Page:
Why Your Cat’s Carbon Footprint Matters
According to lifelong environmentalist Holly Tse, "a 2007 survey by the American Veterinary Association states that there are over 80 million cats in American households." Tse, who blogs about green living ideas for felines at GreenLittleCat.com, adds, "Reducing one cat’s carbon footprint is helpful, but 80 million cats collectively could make an enormous difference!"
Since plenty of eco-friendly cat products are now on the market, it’s clear that many pet owners want to include their cats in their green lifestyle. Here’s how you can "green" every area of your cat’s life:
"Clay going to a landfill is terribly detrimental for the environment," says Dr. Nicholas Dodman, a veterinarian, director of the Tufts Animal Behavior Clinic and author of The Cat Who Cried for Help. The next time you go to the supermarket, consider buying a litter that’s made from natural or recycled materials.
Check the tags to make sure your cat’s bedding consists of natural, organic cotton or hemp. "Hemp is durable and natural – it basically lasts forever," says Dodman.
Carriers made from materials like recycled plastic are better for the planet and your cat. Advises Tse: "Petmate makes a kennel that is made from 25% recycled materials." Other manufacturers offer carriers made out of hemp and even recycled water bottles.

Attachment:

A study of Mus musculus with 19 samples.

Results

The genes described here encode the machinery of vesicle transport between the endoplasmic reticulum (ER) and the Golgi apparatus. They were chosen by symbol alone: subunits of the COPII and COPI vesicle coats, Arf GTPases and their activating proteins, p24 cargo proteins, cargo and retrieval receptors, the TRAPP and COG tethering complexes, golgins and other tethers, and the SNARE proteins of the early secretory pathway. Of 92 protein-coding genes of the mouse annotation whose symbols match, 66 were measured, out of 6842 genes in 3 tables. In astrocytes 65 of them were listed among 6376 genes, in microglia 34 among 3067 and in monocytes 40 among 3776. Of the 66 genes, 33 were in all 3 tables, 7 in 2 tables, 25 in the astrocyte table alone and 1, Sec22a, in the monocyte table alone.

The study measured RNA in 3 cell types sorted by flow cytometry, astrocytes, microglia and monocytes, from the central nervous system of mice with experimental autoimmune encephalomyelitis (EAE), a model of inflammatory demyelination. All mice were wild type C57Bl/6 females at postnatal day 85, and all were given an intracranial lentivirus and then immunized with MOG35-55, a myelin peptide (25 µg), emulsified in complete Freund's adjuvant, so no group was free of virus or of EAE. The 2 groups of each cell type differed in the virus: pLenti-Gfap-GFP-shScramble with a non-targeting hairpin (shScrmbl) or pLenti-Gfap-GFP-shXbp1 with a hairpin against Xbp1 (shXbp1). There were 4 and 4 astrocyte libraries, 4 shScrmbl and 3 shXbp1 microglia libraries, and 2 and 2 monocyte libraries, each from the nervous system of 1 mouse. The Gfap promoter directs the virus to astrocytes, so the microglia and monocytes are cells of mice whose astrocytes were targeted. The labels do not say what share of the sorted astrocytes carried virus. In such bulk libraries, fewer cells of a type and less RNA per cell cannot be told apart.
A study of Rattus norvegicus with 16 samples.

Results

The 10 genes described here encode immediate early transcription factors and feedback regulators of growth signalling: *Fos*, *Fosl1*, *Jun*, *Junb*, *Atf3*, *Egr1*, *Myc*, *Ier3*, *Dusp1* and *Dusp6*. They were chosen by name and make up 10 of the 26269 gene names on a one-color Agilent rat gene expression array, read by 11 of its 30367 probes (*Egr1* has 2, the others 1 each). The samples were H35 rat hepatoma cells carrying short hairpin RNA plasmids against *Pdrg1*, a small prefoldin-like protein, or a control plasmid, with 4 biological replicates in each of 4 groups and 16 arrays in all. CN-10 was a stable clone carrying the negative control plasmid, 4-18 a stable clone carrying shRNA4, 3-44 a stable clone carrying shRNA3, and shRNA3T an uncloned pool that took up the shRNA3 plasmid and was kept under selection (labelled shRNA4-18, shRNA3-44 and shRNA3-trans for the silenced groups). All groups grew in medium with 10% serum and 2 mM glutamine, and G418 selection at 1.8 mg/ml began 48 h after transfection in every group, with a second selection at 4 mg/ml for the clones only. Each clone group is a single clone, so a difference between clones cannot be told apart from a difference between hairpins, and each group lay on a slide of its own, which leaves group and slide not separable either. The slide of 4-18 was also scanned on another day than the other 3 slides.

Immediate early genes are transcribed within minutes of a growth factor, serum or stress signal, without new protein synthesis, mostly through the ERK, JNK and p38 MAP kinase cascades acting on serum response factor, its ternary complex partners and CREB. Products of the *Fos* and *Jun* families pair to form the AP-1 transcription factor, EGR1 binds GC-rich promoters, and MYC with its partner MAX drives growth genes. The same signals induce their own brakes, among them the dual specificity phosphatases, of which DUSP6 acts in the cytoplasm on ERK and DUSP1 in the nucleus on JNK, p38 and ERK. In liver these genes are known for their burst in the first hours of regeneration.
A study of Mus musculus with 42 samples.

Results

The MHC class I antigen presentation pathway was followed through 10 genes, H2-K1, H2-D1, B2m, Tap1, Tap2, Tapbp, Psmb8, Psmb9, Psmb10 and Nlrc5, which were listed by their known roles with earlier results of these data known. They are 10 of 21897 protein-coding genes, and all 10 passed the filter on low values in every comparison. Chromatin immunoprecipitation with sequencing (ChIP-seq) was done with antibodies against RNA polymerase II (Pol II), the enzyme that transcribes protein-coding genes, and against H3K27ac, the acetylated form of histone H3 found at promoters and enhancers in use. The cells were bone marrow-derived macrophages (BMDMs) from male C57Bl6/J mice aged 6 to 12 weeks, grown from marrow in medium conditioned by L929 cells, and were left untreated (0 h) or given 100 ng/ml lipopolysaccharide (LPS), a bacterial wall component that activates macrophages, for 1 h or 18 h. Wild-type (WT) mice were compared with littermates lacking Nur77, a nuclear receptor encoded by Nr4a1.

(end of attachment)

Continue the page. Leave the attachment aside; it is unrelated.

It’s easy and fun to make your own cat toys. For example, try making the following toys out of a toilet paper roll:
- "Put treats inside it, close its sides with sticky tape, poke a few holes and toss it to your cat," suggests Dodman. "You just used what was going to be waste."
- "Press it flat and cut it into 1/4-inch rings. Pop the rings back into shape and toss into the air for your cat to catch," offers Tse.
Eco-friendly bites are the most delectable for your cat. Look for organic catnip – or better yet, grow your own. Visit OnlyNaturalPet.com or you local pet store for a Grow Your Own Catnip Plant kit.
If you clean your home with a variety of chemical-based products, it’s time to rethink your cleaning methods. Harsh chemicals are bad for the environment and are a turnoff to your cat. They can also be disastrous for its health. "Over time, our pets develop a much higher concentration of toxic chemicals in their systems than humans do," says Tse. "Since [your cat] spends so much time grooming itself, it may ingest the chemicals."For a toxin-free home environment, try enzyme-based products. "Enzymes are biomolecules that digest the organic odor-causing substances found in cat urine," explains Tse. Dodman has an even simpler solution: "There is nothing you need to clean in a house that you can’t clean with vinegar and baking soda."
Embrace the Green Mindset
When it comes to your cat’s needs, always mind the three R’s: Instead of buying brand-new supplies, reduce waste by reusing and recycling. Sign up at freecycle.org, where you can swap items locally with others, offering up what you don’t want and reusing useful items that others don’t need.
Finally, if you haven’t done so already, be sure to spay or neuter your cat. "A female cat and her offspring can make 42,000 cats in seven years," says Dodman. "The planet is already teeming with one life form [humans], so you don’t want a surplus of carbon footprints."
By taking these green steps, you’ll help your cat veer off the trail of harmful carbon footprints and follow the path to saving our planet.